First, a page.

Sydney siege: Gun law debate begins in Australia
Debate about what sparked a deadly cafe siege in Sydney has now turned to Australia's guns laws.
Cross bench senator David Leyonhjelm has called for Australians to be allowed to carry concealed weapons.
But a weakening of the country's gun laws has been rejected by the main opposition parties and some members of the ruling Liberal-National coalition.
Two people died along with the hostage-taker when police stormed the Lindt cafe to end Monday's 16-hour siege.
Mr Leyonhjelm, a Liberal Democratic Party senator for New South Wales, said the siege would have been lessened if some of the 17 hostages had been armed.
"What happened in that cafe would have been most unlikely to have occurred in Florida, Texas, or Vermont, or Alaska in America, or perhaps even Switzerland as well," Senator Leyonhjelm told ABC Radio.
"Statistically speaking" in those jurisdictions, "one or two of the victims" would have had a concealed gun, he said.
But former coalition deputy prime minister Tim Fischer said that the analogy with US gun laws was "seductive nonsense".
"Debate will always go on in a good democracy but where it is built on a pack of lies from the NRA [US National Rifle Association] it should be dealt with swiftly," he said.
"It is seductive nonsense to say concealed gun laws would somehow work here in Australia."
Labor opposition leader Bill Shorten also rejected the idea.
"Our rate of gun deaths for the same population proportionately is far less [than America] and I do not see how putting more guns into the community makes us safer," he said.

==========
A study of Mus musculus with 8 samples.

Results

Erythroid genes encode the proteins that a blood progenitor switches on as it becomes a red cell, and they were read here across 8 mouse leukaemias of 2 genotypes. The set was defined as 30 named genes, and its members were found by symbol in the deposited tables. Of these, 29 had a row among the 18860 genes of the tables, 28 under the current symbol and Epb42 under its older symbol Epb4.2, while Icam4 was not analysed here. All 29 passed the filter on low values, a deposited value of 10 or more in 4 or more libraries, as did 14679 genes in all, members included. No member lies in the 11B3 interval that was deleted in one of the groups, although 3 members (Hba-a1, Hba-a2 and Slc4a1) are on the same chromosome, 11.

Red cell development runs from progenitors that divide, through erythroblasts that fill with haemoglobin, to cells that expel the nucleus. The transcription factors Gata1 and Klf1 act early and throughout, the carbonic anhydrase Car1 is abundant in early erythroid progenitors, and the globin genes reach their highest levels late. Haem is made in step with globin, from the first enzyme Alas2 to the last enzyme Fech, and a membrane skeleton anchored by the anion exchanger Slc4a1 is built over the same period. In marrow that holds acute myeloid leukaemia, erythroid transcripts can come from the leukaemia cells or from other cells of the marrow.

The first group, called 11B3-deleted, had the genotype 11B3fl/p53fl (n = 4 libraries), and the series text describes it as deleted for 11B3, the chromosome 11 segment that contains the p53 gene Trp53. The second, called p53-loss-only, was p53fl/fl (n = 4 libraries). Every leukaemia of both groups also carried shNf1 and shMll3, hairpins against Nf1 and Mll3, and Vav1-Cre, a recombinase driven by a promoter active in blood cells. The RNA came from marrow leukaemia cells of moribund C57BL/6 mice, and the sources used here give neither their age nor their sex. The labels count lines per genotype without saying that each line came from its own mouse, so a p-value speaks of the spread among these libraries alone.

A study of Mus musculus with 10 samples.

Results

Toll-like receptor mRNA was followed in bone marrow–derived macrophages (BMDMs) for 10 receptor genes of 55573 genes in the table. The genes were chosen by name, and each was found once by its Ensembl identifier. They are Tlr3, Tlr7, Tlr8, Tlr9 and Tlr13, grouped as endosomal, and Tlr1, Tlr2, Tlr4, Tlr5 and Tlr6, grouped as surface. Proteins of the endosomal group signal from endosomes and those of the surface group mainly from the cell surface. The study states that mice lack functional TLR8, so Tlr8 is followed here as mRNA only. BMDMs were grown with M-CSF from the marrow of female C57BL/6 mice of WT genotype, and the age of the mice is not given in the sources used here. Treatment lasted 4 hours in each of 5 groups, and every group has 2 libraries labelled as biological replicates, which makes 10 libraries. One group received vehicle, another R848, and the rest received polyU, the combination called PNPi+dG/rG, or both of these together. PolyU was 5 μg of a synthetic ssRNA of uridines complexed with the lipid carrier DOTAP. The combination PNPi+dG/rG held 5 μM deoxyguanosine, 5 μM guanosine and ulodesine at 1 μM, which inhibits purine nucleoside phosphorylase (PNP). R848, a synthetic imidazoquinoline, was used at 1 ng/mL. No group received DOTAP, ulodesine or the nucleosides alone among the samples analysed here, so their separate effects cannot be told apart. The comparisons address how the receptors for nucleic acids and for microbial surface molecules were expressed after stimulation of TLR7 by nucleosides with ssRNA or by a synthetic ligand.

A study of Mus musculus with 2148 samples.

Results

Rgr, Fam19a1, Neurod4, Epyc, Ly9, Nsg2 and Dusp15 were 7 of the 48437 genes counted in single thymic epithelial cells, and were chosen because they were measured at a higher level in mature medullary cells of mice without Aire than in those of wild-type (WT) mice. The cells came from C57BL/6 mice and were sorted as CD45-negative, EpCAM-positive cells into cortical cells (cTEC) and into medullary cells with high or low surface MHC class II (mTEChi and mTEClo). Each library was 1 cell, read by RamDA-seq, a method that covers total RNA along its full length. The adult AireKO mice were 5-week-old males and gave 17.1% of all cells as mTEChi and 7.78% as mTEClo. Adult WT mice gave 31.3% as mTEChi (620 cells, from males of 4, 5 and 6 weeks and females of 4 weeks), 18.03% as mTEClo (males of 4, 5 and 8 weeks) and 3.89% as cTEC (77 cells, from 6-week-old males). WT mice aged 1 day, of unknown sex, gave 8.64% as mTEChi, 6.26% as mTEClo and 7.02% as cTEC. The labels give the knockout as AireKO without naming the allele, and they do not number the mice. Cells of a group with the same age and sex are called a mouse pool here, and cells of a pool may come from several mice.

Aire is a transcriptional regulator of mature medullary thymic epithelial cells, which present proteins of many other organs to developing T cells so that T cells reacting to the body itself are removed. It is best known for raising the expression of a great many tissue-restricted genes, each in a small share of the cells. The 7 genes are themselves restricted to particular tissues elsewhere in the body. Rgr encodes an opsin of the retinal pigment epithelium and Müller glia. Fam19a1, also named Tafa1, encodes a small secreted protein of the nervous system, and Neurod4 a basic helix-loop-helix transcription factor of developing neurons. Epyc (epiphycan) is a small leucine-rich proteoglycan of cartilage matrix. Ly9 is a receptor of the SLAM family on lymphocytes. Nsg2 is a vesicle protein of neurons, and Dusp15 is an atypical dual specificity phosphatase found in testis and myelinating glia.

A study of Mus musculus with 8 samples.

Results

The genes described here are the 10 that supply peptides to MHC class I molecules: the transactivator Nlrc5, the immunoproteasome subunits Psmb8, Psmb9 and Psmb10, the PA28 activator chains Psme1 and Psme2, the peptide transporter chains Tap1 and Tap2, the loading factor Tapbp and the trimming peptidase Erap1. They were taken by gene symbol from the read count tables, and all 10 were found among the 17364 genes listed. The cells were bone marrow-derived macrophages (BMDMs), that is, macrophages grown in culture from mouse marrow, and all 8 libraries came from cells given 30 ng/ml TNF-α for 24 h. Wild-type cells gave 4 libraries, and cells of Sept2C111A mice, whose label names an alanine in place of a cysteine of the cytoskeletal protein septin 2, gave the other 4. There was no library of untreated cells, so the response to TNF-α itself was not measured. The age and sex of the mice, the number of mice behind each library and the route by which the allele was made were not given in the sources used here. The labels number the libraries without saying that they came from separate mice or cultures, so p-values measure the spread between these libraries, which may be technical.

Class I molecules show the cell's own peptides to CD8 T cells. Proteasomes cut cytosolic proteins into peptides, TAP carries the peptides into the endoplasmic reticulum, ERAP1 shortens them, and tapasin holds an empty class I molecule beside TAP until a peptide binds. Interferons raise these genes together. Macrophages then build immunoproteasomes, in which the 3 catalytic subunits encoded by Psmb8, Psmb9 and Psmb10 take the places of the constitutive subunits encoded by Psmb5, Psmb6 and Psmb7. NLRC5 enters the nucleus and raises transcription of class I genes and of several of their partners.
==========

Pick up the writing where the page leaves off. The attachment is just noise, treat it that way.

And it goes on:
In the wake of a mass shooting that left 35 people dead in Port Arthur in the state of Tasmania in 1996, the then prime minister, John Howard, dramatically tightened gun laws.
The first of three national agreements- the National Firearms Agreement (1996) - resulted in restricted legal possession of automatic and semi-automatic firearms and further restricted the legal importation of some non-military firearms.
Australia's states and territories agreed to a firearms registration scheme and licensing of people who wanted to legally possess and use firearms.
Previously, only handguns needed to be registered and obligations around long-arm gun registration varied between jurisdictions.
Police inquiries have revealed that the Sydney cafe gunman, 50-year-old Man Haron Monis, was not a registered firearms licence holder and had never held a gun licence in New South Wales, the state where the siege took place.
In NSW, anyone who wants to own and use a firearm must have a licence or a permit, and must have a genuine reason for obtaining the licence and meet a range of legislative requirements relating to that genuine reason.
A mandatory national buyback of outlawed guns eventually resulted in the destruction of more than one million weapons, according to University of Sydney academic Philip Alpers.
In a research paper he wrote in 2013, Mr Alpers said the post-1996 destruction of guns reduced Australia's national stock of firearms by one-third.
"If we accept a frequently cited estimate of 270 million privately owned guns in the United States, a similar effort in that country would require the destruction of 90 million firearms," said Mr Alpers.
However, the report also found that although the importing of guns into Australia was stagnant for about two years it then began to recover.
"By mid-2012, following a steady 10-year upward trend in gun buying, Australians had restocked the national arsenal of private guns to pre-Port Arthur levels."